Was this blacksmith the last in a long line in a Hartlepool village
Bill Procter was a man who held an important position in Hartlepool.
And when he retired, so did the smithy which had been a part of Hart Village for 200 years.
Who remembers the man who was the final link in a family tradition.
Back in the 1960s, the Northern Daily Mail first caught up with Bill and reported; “Bill has no sons to take over the forge which five generations of Procters have kept glowing.
“And other male members of the Procter family don’t fancy the hard life of the blacksmith.”
The story described how it was a “little historic smithy in the picture-postcard village of Hart.”
Bill had worked in blacksmiths shops ever since he left Hart Village School when he was only 14 years old.
He then served an eight-year apprenticeship before he stepped into his father’s shoes and.
Our report at the time said: “In those days, Mr Procter did mostly agricultural work.
“He used to start at eight in the morning and finish as late as ten and 11 at night. In that respect, times have not changed much. He still puts in a 14-hour day several times a week.”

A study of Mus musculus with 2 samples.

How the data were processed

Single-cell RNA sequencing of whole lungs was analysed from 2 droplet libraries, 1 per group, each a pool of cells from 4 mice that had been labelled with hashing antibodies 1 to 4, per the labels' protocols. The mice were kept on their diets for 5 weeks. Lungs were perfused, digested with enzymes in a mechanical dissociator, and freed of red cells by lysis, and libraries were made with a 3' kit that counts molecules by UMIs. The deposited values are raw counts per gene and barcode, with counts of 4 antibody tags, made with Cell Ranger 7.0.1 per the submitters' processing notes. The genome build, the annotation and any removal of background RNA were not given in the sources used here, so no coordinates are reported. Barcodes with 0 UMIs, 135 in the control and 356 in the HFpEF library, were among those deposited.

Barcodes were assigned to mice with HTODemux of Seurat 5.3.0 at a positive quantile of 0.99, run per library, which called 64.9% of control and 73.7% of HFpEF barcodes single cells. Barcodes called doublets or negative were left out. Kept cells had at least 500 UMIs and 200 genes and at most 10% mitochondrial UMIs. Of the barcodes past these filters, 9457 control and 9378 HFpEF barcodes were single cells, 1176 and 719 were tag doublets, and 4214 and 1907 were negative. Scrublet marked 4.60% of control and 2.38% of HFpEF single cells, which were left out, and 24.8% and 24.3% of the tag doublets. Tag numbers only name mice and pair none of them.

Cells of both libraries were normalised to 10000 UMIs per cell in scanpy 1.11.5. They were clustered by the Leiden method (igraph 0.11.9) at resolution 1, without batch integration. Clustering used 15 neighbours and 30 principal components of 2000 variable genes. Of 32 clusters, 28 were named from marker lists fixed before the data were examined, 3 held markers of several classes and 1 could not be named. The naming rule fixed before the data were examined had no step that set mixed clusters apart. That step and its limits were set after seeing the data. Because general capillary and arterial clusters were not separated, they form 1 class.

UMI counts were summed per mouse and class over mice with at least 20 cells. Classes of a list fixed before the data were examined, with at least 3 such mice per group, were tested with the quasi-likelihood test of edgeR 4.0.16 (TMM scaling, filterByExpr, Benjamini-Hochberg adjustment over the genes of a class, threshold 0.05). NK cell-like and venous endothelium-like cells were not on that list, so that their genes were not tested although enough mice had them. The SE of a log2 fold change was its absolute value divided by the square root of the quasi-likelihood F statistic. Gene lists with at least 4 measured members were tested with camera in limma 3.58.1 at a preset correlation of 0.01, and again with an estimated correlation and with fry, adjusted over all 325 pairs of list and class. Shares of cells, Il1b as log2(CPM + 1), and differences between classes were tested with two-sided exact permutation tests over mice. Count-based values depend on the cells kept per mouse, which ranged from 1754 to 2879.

By the time he was 25, Bill’s reputation was growing and farmers from all over the county would bring their work to him.
He married when he was 28 years old and his wife, who hailed originally from Wolsingham, soon got used to his long hours.
She saw even less of him when he then expanded into a second business by opening a premises in Thornaby.
The traditional work of horses needing to be shod was dying out and our report said: “At Hart, he still gets a few orders a week, and farm implements find their way to garages and repair shops when they need attention.
“Contract work and the fashioning of wrought iron have in many cases taken the place of the old tasks of the rural blacksmith. But he remains a craftsman.”
His Hart business had become weekend and evenng work while the main employment was at Thornaby.
But Bill was a man with his heart in Hart and he had a great interest in its activities.
He joined Hart Parish Council when it was first formed and was described by the Northern Daily Mail as having a reputation for “lively, outspoken, forceful debate.”
Later, he became the village’s representative on Stockton and District Council.
And when talk turned to the amalgamation of the Hartlepools - and Hart to join with West Hartlepool - Bill had a strong viewpoint.
Hart would do very well on its own, he said.
His only regret, he said, was that the village did not have better facilities for its youth.
At the time of our 1960s report, Bill wasn’t giving up all hope of the smithy continuing. He was hoping to find someone else to continue the tradition.
Did he succeed? Who can tell us more.